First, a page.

We have been asked a number of times if there is such a thing as a manual disk brake conversion kit? The simple answer is yes. The power booster component almost exclusively affects how your brake pedal "feels" to you under foot.
In a situation where your classic car has multiple drivers, some of whom are used to the "foot feel" of power brakes - maybe they spend most of their time driving a newer car or light truck - a power-assisted brake pedal can makes it easier to go between vehicles. The power booster allows you to maintain relative consistency with how much pressure to apply when stopping either of the two vehicles.
You DO NOT NEED to upgrade or convert to a power assisted apply system, however, when making the upgrade to disc from drum brakes. Recently, we got an email from a customer planning on making that drum to disc brake conversion but interested in sticking with a manual set-up.
"Dave" has a '66 GTO he uses as a daily driver and wanted the enhanced performance and stopping ability of disc brakes. But as the sole driver of the car, Dave was comfortable with the pedal effort the manual brakes currently required and wanted to keep that same level of brake feel.
His question centered around the fact that he had bought a master cylinder approximately five years ago in an effort to make the car safer by getting rid of the single bowl master cylinder. At that point, he was only concerned with that safety factor of the master cylinder. Things change and now he is interested in converting over the last step of safer brakes and going with a disc brake conversion kit. We were able to go back and look at his previous purchases and did find out that we had in fact sold him the proper master cylinder that will allow him to keep the same master cylinder while doing the disc brake conversion.
Let's assume for a minute though that we didn't have access to Dave's previous purchase. How can you tell if your master is appropriately sized to operate a new (disc brake) system? The bore size is critical when selecting a master cylinder for use in either a power or manual apply brake system. The wrong size master cylinder added to a power assist set-up could actually provide for a pedal feel that is even harder than what a well working manual system would ever provide. Measuring a master cylinder bore size is actually quite easy for most folks. A quality ruler is generally all that is needed. After pulling the master cylinder forward on the studs, measure the inside of the bore on the back of the master cylinder. In general - the smaller the bore size, the more line pressure you will have in the system at a particular pedal effort. Conversely, larger bore size gives less movement of calipers for the same foot pressure and therefore almost always translates into what most would consider a hard pedal.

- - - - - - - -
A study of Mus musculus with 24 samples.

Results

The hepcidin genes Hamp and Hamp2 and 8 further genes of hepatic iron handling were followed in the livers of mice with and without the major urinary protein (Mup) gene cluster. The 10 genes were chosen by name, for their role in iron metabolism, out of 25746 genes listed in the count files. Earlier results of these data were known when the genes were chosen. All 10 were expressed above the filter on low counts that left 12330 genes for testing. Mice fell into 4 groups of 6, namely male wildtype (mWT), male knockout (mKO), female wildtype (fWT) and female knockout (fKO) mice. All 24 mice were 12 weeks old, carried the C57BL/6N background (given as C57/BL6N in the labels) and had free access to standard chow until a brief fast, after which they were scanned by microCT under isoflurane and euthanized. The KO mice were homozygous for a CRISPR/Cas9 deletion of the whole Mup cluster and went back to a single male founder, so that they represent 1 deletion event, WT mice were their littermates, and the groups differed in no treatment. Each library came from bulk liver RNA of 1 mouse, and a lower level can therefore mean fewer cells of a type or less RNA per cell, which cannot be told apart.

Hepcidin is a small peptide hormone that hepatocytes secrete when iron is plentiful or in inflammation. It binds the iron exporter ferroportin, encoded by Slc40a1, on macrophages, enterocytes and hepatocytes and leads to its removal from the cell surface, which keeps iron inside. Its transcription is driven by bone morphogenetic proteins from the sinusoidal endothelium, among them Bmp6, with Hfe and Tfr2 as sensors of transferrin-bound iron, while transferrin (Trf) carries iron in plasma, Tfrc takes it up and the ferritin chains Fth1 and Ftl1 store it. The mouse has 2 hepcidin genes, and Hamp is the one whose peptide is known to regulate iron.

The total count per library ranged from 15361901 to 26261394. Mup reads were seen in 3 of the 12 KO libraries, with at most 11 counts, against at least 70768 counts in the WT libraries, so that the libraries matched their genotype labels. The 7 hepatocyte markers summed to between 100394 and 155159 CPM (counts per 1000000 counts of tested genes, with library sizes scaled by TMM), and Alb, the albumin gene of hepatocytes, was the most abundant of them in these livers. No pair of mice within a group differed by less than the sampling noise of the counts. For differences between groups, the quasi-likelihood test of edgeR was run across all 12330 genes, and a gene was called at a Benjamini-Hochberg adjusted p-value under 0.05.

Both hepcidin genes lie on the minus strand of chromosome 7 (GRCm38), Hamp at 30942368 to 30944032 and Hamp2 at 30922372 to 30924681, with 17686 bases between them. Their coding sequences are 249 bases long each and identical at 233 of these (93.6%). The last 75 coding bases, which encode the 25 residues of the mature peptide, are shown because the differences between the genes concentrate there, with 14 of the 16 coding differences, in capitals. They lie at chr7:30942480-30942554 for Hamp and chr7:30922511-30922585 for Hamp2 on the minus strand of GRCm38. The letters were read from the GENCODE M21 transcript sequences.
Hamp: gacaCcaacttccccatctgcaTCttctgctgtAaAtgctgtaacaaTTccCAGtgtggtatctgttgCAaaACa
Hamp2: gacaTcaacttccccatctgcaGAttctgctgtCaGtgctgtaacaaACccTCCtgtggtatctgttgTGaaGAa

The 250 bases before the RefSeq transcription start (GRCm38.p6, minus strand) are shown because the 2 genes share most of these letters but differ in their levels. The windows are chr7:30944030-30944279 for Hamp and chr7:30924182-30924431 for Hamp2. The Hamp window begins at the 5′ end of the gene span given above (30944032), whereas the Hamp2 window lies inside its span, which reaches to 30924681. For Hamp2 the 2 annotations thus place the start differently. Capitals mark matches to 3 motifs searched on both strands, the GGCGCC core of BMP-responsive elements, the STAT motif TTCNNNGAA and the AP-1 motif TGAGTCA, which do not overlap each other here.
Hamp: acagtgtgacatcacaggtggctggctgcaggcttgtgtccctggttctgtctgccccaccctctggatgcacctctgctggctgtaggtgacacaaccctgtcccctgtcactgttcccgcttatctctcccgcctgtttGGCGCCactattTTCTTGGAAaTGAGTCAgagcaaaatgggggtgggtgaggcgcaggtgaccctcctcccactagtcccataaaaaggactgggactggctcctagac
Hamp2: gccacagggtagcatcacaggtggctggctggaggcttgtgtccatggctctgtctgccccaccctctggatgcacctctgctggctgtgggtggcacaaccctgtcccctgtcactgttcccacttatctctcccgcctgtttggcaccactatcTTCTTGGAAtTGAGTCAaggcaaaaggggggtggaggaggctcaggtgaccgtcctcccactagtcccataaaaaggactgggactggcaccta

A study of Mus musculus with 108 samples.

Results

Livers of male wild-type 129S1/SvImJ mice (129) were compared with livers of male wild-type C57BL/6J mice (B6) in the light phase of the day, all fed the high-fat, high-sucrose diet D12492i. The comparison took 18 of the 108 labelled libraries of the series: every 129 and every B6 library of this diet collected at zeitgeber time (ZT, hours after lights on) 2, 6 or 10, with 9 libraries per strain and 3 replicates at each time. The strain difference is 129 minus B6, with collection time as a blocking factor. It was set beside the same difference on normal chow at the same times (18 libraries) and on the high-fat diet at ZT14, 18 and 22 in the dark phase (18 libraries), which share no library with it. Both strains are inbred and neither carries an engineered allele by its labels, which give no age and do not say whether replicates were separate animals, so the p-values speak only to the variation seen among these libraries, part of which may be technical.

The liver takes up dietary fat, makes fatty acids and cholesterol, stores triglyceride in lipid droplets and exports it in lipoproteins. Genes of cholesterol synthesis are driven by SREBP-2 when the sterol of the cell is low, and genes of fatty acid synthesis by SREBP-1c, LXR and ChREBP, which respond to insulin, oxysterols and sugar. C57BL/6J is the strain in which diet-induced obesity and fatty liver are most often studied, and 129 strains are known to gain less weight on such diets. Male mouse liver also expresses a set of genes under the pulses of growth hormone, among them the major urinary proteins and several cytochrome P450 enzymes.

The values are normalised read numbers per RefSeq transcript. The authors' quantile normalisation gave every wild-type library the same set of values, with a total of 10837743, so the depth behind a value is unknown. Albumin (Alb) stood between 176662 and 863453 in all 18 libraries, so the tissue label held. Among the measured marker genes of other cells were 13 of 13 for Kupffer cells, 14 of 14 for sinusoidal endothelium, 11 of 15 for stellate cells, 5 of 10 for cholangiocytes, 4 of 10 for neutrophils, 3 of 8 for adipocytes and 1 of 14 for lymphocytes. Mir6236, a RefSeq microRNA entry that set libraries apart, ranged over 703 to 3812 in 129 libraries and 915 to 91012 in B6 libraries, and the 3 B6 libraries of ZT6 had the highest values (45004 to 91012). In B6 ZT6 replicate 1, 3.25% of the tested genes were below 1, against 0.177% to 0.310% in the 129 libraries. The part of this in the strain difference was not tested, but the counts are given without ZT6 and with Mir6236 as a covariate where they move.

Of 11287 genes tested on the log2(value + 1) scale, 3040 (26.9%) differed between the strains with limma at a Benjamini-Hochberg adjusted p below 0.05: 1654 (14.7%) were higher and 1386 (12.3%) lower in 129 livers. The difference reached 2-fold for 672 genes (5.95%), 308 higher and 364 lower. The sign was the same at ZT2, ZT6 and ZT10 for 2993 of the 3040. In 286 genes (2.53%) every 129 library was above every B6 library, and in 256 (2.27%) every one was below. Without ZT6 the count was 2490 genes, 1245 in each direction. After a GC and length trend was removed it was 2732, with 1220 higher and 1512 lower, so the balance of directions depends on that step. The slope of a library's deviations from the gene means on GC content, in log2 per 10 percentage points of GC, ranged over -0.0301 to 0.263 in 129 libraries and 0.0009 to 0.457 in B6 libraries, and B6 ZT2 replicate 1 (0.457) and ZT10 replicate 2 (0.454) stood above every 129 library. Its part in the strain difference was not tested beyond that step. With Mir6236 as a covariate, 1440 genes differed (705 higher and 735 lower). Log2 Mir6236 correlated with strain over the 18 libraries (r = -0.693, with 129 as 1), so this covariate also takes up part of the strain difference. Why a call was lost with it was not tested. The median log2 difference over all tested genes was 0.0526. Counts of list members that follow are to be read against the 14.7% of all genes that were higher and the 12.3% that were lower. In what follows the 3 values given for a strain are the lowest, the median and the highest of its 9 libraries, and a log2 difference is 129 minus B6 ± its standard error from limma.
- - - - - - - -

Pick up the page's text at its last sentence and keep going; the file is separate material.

Looking at the chart below will give some further insight into how different bore sizes can greatly affect the overall brake pressure along with how much pedal effort is needed to get to the same point:
1-800-382-9772 and ask the question: “will this be appropriately sized for my vehicle?” We're here to help you appropriately size brake components.